The importance to issue Pay Less Notices on your contractor or sub contractor promptly

Learn about the importance of timely Pay Less Notice

This case emphasises how important it is to issue Pay Less Notices on your contractor or sub contractor promptly and within the time scales laid down.

The courts have refused to enforce an adjudicator’s decision valuing an interim application. This unusual step was because the adjudicator had previously decided a sum was owed by the Employer in respect of the same interim application – not on a valuation basis but because of it’s failure to serve a pay less notice.

There were two adjudications. In the first Adjudication the Contractor had successfully claimed £1.1m from the Employer because the Employer had failed to serve a Pay Less Notice disputing the sum to be paid. In effect they did not make payment of the amount of the Contractor’s interim application. The win was therefore a technical knockout rather than a win on a pure valuation basis.

However (and presumably because they thought they would lose the first Adjudication) just before the decision in adjudication 1 the Employer launched another adjudication requesting the adjudicator to value the sum that was due to the Contractor in the same interim application.

This was on the grounds that the adjudicator was not making a decision in the first adjudication on the value of the interim payment because that was to be decided on the knockout basis.  The adjudicator accepted that the second Adjudication was in fact a different dispute, and decided that the Contractor should actually have been paid around £300,000, not the £1.1m awarded in the first Adjudication.

The Employer paid the Contractor the £300,000 but the Contractor issued enforcement proceedings to recover the other £800,000 from the first Adjudication.  The Employer also issued its own enforcement proceedings in respect of the second adjudication.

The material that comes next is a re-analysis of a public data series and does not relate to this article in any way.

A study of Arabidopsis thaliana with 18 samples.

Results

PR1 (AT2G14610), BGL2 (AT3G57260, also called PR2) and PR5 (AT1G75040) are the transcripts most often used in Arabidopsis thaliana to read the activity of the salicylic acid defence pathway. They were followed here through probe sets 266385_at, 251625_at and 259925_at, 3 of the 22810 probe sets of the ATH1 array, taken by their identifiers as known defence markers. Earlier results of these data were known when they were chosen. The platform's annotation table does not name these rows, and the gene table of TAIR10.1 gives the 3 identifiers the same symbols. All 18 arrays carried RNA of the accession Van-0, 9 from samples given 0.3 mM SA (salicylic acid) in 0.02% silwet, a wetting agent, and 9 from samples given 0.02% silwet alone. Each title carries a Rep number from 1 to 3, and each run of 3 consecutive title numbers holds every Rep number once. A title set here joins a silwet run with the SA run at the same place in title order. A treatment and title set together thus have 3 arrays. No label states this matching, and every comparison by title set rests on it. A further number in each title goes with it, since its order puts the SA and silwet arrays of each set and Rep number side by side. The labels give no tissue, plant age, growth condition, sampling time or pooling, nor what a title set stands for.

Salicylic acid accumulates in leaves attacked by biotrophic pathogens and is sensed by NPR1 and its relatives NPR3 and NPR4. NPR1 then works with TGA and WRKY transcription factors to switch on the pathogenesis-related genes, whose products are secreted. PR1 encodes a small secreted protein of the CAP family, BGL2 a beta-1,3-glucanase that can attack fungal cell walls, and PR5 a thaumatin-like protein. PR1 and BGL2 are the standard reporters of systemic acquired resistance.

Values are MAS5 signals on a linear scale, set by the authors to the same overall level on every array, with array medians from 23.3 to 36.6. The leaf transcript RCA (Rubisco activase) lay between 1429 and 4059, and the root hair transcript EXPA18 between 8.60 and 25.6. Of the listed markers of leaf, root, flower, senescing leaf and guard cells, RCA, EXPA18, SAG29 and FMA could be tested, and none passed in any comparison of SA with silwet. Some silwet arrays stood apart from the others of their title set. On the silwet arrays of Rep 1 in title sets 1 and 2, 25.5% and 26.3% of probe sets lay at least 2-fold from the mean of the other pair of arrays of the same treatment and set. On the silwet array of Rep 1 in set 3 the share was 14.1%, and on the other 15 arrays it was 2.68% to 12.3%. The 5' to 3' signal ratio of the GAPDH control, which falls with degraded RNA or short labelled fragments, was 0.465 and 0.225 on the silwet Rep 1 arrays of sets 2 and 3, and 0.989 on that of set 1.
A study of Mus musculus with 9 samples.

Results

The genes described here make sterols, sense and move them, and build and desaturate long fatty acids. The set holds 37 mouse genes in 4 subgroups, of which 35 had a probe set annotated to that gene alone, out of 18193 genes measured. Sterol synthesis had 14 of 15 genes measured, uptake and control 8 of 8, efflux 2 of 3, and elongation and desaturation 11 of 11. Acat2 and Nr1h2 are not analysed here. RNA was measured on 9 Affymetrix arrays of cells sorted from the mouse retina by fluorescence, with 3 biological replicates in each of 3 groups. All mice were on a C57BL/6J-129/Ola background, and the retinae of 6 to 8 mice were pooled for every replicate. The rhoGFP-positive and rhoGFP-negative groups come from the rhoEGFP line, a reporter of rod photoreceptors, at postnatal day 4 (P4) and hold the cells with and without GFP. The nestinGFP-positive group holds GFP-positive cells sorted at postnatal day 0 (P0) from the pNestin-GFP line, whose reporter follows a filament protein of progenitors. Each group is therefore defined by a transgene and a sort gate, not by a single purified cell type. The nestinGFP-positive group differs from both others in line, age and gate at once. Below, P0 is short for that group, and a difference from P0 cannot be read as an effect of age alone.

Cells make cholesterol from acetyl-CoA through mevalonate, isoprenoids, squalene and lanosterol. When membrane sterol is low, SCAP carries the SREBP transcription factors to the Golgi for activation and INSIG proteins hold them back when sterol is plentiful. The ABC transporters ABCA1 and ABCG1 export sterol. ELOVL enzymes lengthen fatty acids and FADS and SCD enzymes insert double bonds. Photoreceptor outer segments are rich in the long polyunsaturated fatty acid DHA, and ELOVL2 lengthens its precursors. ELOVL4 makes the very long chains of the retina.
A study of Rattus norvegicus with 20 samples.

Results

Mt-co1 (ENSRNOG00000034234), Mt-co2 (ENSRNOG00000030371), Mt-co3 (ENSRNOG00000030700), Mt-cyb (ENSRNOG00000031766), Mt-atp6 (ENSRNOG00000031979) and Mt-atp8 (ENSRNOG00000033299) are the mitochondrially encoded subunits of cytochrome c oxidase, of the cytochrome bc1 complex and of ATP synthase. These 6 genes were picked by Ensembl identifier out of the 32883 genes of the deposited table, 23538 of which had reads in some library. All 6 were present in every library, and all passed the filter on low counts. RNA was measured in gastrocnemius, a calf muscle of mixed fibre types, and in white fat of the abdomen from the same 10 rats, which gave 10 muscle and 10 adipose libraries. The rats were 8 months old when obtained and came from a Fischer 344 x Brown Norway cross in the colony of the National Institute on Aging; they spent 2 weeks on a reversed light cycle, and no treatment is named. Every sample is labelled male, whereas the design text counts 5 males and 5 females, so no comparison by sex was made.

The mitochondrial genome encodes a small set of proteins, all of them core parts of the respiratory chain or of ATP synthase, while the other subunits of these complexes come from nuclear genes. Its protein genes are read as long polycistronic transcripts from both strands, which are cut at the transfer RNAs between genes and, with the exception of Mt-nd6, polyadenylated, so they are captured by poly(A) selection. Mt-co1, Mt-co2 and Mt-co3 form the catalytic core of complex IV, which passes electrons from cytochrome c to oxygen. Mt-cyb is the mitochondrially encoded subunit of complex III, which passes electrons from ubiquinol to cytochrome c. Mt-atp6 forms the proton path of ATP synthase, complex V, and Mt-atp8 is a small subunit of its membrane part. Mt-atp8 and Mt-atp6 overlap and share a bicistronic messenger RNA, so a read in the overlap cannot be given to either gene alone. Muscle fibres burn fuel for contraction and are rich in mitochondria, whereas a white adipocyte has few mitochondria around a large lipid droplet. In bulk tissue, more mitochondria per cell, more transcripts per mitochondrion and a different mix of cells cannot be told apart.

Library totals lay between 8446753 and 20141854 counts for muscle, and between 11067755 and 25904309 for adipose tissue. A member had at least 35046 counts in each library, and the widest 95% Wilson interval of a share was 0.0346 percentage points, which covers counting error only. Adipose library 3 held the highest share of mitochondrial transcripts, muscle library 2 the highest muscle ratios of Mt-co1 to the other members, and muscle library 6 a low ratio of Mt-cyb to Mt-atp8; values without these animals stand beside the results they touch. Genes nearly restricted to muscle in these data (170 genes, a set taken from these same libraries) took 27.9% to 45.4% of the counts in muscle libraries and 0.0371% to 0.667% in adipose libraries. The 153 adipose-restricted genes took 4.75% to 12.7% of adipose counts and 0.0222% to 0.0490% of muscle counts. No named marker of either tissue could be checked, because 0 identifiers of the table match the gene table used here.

The court found that in deciding first that £1.1m was payable, and then that the value of the valuation was only £300,000, the adjudicator had made two decisions about on the same dispute – it is important to note a dispute can only be decided once by an adjudicator. The court found that the decision in the second adjudication was of no effect.

The important point is this: the courts will not permit a party who fails to follow the statutory scheme and issue a Pay Less Notice to recover its position in a second adjudication.  Although the interim valuation may have been wrong the Employer will now have to start court proceedings in order to recover the sums due to it.

This case emphasises how important it is to issue Pay Less Notices on your contractor or sub contractor promptly and within the time scales laid down.

The courts have refused to enforce an adjudicator’s decision valuing an interim application. This unusual step was because the adjudicator had previously decided a sum was owed by the Employer in respect of the same interim application – not on a valuation basis but because of it’s failure to serve a pay less notice.

There were two adjudications. In the first Adjudication the Contractor had successfully claimed £1.1m from the Employer because the Employer had failed to serve a Pay Less Notice disputing the sum to be paid. In effect they did not make payment of the amount of the Contractor’s interim application. The win was therefore a technical knockout rather than a win on a pure valuation basis.

However (and presumably because they thought they would lose the first Adjudication) just before the decision in adjudication 1 the Employer launched another adjudication requesting the adjudicator to value the sum that was due to the Contractor in the same interim application.

This was on the grounds that the adjudicator was not making a decision in the first adjudication on the value of the interim payment because that was to be decided on the knockout basis.  The adjudicator accepted that the second Adjudication was in fact a different dispute, and decided that the Contractor should actually have been paid around £300,000, not the £1.1m awarded in the first Adjudication.

The Employer paid the Contractor the £300,000 but the Contractor issued enforcement proceedings to recover the other £800,000 from the first Adjudication.  The Employer also issued its own enforcement proceedings in respect of the second adjudication.

The court found that in deciding first that £1.1m was payable, and then that the value of the valuation was only £300,000, the adjudicator had made two decisions about on the same dispute – it is important to note a dispute can only be decided once by an adjudicator. The court found that the decision in the second adjudication was of no effect.

The important point is this: the courts will not permit a party who fails to follow the statutory scheme and issue a Pay Less Notice to recover its position in a second adjudication.  Although the interim valuation may have been wrong the Employer will now have to start court proceedings in order to recover the sums due to it.